Oilfield services provider Halliburton Company has beating analyst estimates in its Q2 earnings, thanks to growth in international markets that offset lagging activity in North America, the company’s largest market.
Halliburton, one of the world’s largest oilfield services companies, adjusted net income of US$303 million, or US$0.35 per diluted share, for Q2 2019, excluding impairments and other charges.
The earnings per share exceeded the US$0.30 analyst consensus estimate in the Wall Street Journal.
The Q2 profit beat sent Halliburton’s stock surging more than 7 percent on the NYSE at 10:40 EDT, and 8 percent by 1:45pm EDT.
International revenues rose by 6 percent quarter on quarter, while North America revenue increased by 2 percent, to US$3.3 billion. Halliburton’s North American revenue was driven by higher stimulation, artificial lift and wireline activity onshore, and higher drilling activity in the Gulf of Mexico.
“We continue to build on the growth momentum internationally and successfully manage the market dynamics in North America,” Jeff Miller, Chairman, President and CEO at Halliburton said, commenting on the Q2 results. Again referring to North America, Miller noted:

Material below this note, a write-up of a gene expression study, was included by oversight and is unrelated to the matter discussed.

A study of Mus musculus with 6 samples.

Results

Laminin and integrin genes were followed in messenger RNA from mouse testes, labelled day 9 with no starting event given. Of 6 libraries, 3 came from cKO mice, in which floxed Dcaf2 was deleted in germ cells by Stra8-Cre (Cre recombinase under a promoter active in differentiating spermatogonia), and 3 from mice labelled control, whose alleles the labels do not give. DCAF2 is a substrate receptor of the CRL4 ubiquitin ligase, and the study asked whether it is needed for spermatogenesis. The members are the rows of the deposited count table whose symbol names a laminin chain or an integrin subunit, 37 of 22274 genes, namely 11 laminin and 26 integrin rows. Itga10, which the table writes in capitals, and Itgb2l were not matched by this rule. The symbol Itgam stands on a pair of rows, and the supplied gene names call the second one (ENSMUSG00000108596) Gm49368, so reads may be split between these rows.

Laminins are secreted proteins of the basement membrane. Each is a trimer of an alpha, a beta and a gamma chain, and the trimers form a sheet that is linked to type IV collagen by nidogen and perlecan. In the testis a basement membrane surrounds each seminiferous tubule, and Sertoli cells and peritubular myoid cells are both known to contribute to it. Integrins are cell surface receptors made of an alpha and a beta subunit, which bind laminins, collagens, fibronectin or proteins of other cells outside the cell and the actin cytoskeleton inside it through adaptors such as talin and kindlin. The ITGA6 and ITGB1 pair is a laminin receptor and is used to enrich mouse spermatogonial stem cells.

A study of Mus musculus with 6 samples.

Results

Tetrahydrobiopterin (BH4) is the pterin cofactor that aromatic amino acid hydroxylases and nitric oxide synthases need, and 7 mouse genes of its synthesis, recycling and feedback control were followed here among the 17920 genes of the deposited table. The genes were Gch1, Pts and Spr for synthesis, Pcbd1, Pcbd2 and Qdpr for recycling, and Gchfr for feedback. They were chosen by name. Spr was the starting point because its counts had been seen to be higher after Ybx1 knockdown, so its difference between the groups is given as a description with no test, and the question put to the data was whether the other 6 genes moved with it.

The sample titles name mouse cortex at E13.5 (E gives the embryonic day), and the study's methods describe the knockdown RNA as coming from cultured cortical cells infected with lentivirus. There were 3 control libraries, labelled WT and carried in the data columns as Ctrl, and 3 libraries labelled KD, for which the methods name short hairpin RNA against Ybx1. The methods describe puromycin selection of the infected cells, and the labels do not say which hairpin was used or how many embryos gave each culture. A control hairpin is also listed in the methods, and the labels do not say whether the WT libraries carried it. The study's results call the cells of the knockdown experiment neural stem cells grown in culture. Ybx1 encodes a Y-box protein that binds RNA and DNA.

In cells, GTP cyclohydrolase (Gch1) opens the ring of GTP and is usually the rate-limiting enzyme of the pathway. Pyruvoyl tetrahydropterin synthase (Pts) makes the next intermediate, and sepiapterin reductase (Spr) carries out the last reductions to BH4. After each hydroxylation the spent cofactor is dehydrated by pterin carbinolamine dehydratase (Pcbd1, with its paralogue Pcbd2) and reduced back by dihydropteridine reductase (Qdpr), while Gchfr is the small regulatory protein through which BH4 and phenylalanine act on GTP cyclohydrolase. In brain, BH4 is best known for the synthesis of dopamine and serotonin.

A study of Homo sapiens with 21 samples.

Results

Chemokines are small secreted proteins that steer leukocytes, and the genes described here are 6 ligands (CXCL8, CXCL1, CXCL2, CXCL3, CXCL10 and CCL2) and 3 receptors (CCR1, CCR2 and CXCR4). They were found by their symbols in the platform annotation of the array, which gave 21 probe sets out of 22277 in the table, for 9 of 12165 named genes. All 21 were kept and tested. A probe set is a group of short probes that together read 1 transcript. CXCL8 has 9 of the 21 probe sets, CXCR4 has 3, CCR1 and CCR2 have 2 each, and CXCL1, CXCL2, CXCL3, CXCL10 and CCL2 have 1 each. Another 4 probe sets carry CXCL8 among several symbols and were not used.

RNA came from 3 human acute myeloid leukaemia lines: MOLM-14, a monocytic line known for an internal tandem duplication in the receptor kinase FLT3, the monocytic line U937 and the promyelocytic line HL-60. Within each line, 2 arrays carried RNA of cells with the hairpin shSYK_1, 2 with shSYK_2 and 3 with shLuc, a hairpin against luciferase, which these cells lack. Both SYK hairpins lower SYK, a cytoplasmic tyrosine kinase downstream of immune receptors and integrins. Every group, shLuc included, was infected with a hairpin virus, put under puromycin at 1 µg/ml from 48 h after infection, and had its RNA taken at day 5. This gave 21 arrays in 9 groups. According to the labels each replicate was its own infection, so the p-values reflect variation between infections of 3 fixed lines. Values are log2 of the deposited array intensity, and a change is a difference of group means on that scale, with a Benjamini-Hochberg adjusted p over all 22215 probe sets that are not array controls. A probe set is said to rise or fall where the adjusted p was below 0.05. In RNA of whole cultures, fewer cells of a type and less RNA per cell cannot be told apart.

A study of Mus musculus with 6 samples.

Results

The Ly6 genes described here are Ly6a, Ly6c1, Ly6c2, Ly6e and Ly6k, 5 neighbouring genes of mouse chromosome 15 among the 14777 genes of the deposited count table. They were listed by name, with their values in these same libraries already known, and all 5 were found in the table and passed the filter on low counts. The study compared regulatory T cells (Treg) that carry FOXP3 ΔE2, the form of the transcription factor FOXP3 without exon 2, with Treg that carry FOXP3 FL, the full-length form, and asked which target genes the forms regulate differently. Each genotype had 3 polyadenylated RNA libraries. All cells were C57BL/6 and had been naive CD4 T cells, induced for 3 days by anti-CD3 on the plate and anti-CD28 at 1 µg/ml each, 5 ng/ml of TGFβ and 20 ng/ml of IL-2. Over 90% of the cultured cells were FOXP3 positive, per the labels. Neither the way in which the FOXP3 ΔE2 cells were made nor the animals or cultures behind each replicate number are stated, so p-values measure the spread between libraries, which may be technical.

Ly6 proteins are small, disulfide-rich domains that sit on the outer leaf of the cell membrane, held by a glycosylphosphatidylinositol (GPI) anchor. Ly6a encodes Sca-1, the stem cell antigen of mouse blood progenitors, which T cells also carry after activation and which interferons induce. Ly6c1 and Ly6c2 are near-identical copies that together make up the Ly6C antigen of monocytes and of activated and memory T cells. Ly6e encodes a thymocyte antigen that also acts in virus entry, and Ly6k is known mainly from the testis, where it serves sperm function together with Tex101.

“We are successfully executing our strategy of controlling what we can control and managing our business to perform well in any market conditions.”
In April this year, Halliburton expected total global offshore spending to jump 14 percent this year. Reporting the Q1 figures back then, Miller said, referring to North America, “the worst in the pricing deterioration is now behind us. For the next couple of quarters, I see demand for our services progressing modestly.”
On Friday, Halliburton’s competitor Schlumberger said that its first-half international revenue increased by 8 percent on the year, while North America land revenue declined 12 percent.
“These results reflect the normalization in global E&P spend that we were anticipating as international investment increases in response to the accelerating decline in the mature production base, and North America land investment decreases due to E&P operator cash flow constraints,” Schlumberger said.
Schlumberger’s chief operating officer Olivier Le Peuch—who was appointed to become chief executive officer effective August 1—said in prepared remarks on the Q2 results:
“North America land remains a challenging environment. Indeed, E&P operator focus on cash flow has capped activity and continued efficiency improvements have also reduced the number of active rigs and frac fleets—so far without major impact on oil production.”